The Valley’s biodiversity can allow for a rich variety of taste sensations and La Capsule Temporelle, a new cider producer in Franklin, has the goal of incorporating the natural gifts of the fields to create different, exciting cider flavours.
Matthiew Quinn took over the farm in 2020 when he moved from Laval. Quinn’s first goal was to start a vineyard; however, after tasting some cider that a friend had made, he was swayed into starting a small apple orchard instead. La Capsule Temporelle recently acquired a permit to sell alcohol, and the plan is to start selling products somewhere between next April and June.
It was a difficult year to start an orchard, for many reasons; Quinn explains that there were “two frosts, the gypsy moths and the drought.” He says he may well have lost 90 per cent of the overall crop to the first frost, though this wasn’t an immediate cause for panic: “With apple trees that’s not the end of the world, in the sense that you only need about 10 per cent of your flowers to have a decent crop. But then we had another [frost] when we had actual fruits in the trees.” That was more serious. Then came the bugs, and the drought. There was definitely some loss because of Mother Nature’s tricks.
One of the great things about the location of La Capsule Temporelle is the availability of diverse natural products nearby. Quinn is committed to keeping everything as “local” as possible and appreciates that sometimes it may not even be necessary to leave the lot to find add-ins for cider. He likes to introduce different flavours to the beverage, such as berries, honey, or hops, and to source these extras as close to home as possible. “The hops [come from] our actual neighbour; the wild apples will come from my brother in Godmanchester, which isn’t too far – it’s about a 25 minute drive from here – and the fruits [come] from here,” explains Quinn.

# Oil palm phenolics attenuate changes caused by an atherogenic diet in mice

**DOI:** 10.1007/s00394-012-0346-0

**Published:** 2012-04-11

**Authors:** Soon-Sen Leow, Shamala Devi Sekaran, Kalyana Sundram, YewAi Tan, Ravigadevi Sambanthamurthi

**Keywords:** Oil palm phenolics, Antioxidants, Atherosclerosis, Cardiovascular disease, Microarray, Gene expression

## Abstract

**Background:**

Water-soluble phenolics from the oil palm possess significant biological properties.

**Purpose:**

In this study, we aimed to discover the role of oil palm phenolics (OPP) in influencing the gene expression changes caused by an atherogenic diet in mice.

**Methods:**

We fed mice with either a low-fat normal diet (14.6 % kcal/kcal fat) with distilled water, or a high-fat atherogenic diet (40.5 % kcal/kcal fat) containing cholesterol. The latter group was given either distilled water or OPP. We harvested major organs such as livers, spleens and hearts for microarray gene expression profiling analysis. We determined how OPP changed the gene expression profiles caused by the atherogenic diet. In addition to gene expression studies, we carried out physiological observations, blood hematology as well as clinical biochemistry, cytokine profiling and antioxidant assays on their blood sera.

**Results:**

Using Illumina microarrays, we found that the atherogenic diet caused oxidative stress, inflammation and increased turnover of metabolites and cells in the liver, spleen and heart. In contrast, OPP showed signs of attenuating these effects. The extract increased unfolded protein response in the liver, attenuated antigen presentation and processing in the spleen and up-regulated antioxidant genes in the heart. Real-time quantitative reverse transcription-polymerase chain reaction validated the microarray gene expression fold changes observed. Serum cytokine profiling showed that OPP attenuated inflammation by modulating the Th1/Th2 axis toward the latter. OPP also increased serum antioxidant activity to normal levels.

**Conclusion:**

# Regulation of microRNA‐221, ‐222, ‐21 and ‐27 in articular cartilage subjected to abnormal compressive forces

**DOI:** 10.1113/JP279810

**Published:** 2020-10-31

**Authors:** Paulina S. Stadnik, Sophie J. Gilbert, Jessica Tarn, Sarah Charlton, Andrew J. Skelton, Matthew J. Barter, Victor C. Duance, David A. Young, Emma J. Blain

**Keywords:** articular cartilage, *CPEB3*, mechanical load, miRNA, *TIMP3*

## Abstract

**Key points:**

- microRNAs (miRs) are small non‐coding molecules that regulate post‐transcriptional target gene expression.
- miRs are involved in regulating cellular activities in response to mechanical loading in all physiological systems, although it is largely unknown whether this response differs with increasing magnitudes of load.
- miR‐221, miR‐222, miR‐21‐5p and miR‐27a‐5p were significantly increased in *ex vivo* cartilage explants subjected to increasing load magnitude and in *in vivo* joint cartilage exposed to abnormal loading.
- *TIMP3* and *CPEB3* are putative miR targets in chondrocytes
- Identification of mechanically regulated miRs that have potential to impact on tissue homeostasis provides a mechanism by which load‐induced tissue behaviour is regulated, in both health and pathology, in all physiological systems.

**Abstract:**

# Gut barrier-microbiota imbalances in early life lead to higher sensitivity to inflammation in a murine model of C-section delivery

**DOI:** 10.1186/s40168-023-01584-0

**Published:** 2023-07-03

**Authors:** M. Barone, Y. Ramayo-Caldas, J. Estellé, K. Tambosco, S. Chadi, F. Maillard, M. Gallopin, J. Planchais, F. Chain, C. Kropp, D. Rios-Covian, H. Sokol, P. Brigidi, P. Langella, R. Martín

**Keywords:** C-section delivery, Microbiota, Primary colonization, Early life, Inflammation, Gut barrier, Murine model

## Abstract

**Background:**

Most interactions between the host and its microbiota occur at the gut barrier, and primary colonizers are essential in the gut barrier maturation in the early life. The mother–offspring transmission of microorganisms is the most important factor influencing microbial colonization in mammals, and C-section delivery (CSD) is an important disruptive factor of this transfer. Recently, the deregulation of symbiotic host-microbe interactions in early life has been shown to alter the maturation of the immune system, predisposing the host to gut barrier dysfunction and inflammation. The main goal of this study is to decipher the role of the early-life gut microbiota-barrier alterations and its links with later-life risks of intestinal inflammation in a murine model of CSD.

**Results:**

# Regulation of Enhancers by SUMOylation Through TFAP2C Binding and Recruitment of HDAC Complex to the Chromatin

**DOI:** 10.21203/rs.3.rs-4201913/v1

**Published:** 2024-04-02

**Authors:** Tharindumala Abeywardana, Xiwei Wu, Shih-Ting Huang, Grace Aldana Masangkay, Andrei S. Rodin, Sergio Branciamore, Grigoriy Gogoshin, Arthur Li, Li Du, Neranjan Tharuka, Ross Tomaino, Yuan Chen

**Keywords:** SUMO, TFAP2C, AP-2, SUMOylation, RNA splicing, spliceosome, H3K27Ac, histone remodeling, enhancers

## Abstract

However, he says he’d love to become completely self-sufficient, by eventually using only wild produce foraged from the land which would allow him to create different flavours at different times of the year. “Foraging is super easy, and it doesn’t cost anything except time.” So far, Quinn has plans for a berry/small fruit cider and eventually something with sumac; both cider varieties would be derived from plants that grow in abundance on the farm.
It’s about time
The name “La Capsule Temporelle” is a conversation starter. Quinn jokes that a lot of people think the name is a reference to UFOs, but it is actually a reference to the foraging process, which he likens to assembling a time capsule. “What the vines or the apple trees give us is different year to year, for a bunch of different reasons. So, when you’re taking this liquid and putting it into a bottle, you’re basically making a time capsule.” He emphasizes that creating a cider is also like creating a moment in time that you can open later and share with someone.
Quinn is an enthusiastic promoter of local products. He highlights that producing things locally instead of importing is “a lot closer to home so the environmental impact is much smaller.” Using local resources allows you to encourage friends, family and neighbours; this is important in situations where the global economy is faltering. “Keeping your food source close to you may not seem important because we have this global economy, but the second that’ll start flinching I think it’s good to have expertise locally.” This is something that became clear throughout the pandemic, when products were running out and many people had to turn to local sources.
Quinn has a lot of big plans and hopes to expand the farm to “eventually go into maple syrup, wine, mushrooms, a garden, maybe animals…But the top three are cider, maple syrup, and wine.”
La Capsule Temporelle is becoming a Valley hotspot and seems to have more to offer every day. There is always room in the market for great cider, and Quinn is excited to find his niche.